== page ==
Army Corps deciding not to do broad environmental investigation of coal trainsJun 19, 2013 The Associated Press
SEATTLE -- An official with the Army Corps of Engineers told a Congressional committee Tuesday that the agency doesn't plan a broad environmental study on exporting coal from Wyoming and Montana.
Environmentalists and elected officials in Washington, Oregon and Montana have called on the federal government to look at the cumulative effects of shipping millions of tons of coal via train from Montana and Wyoming to ports on the West Coast.
The coal industry and its backers have pushed aggressively for the new ports, arguing that they could help spur new jobs in parts of the country that are struggling economically. They said the broad environmental review sought by the industry's critics would have treated coal differently than other commodities exported from the region, such as wheat and lumber.
The Corps previously decided to do more limited studies at two ports in Washington state: Gateway Pacific Terminal near Bellingham and Millennium Bulk Terminal at Longview. Federal officials have not decided whether to do a study on a third terminal at Port of Morrow, Ore.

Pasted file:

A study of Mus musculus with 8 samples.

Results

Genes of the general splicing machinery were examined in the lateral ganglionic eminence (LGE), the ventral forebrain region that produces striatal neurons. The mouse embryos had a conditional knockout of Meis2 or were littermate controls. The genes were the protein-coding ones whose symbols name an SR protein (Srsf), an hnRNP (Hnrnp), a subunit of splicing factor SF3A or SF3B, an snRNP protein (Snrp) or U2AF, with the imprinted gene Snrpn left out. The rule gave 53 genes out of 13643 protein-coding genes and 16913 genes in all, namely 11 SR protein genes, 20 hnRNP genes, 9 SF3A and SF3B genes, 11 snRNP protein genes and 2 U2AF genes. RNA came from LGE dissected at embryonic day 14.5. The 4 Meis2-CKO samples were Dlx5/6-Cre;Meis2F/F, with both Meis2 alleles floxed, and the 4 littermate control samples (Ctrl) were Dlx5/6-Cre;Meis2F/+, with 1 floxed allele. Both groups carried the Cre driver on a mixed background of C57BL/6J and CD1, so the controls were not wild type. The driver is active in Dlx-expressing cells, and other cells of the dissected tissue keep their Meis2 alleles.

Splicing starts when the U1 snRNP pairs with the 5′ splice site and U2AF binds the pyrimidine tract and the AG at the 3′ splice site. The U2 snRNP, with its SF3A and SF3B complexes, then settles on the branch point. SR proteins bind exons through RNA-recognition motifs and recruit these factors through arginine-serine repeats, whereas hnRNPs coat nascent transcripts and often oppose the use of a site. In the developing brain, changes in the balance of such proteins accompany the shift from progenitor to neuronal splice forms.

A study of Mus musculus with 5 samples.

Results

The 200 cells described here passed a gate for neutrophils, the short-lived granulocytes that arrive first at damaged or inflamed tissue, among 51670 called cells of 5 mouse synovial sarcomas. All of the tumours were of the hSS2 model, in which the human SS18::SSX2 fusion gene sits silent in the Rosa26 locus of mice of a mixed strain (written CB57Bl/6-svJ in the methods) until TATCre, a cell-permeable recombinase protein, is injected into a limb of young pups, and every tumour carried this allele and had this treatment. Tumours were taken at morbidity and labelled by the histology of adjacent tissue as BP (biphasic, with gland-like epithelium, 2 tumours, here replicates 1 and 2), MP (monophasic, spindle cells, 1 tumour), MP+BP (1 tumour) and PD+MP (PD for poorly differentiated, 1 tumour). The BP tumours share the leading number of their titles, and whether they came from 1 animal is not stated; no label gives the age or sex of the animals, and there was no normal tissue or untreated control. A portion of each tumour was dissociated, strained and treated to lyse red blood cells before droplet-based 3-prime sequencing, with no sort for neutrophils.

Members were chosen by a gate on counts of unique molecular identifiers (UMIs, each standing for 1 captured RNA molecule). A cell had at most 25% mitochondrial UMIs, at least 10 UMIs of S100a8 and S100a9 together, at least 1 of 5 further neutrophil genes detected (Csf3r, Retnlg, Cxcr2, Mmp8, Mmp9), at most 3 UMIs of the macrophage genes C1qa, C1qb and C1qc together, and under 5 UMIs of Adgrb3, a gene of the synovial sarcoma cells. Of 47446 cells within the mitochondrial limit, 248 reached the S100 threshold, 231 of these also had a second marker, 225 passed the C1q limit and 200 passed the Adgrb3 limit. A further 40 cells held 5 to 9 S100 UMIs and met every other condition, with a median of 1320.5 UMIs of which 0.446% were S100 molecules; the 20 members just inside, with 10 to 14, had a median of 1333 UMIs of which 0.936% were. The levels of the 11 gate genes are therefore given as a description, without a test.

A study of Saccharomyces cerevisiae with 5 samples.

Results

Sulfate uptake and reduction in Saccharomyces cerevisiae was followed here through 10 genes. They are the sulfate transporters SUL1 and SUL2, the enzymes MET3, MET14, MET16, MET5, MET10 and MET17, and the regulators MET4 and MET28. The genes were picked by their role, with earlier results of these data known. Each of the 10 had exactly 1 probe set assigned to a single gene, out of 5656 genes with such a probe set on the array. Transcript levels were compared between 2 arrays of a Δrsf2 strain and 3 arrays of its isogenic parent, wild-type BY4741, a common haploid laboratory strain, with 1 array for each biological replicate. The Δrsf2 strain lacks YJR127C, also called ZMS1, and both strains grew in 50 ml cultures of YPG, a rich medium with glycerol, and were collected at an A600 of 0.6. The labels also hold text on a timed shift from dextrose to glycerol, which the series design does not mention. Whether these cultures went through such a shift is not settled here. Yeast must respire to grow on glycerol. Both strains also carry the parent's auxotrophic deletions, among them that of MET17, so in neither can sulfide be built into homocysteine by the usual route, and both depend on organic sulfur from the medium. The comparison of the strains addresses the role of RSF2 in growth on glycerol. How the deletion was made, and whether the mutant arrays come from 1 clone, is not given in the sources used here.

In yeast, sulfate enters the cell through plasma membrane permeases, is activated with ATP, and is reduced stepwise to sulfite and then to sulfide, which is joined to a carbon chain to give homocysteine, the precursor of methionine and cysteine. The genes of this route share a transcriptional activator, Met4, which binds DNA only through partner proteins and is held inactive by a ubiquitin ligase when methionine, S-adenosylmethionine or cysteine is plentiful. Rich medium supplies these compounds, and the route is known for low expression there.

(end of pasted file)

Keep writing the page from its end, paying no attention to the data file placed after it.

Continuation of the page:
But a top agency official said Tuesday that a more sweeping study to include all three terminals and impacts further afield was not appropriate.
"Many of the activities of concern to the public, such as rail traffic, coal mining, shipping coal outside of U.S. territory, and the ultimate burning of coal overseas, are outside the Corps' control and responsibility," the agency's acting chief of regulatory affairs, Jennifer Moyer, said in testimony submitted to the House Energy and Commerce Committee.
The three export terminals would create more than 11,000 jobs in the Pacific Northwest, said Ross Eisenberg, vice president of energy and resources policy for the National Association of Manufacturers. He said his group welcomed the decision against a broad environmental review targeting coal.
Local officials want Congress to step in and order a review, but that appears unlikely in the Republican controlled House because of strong support for the terminals from lawmakers in mining states such as Wyoming, where Rep. Cynthia Lummis denounced the "anti-coal agenda" of port critics.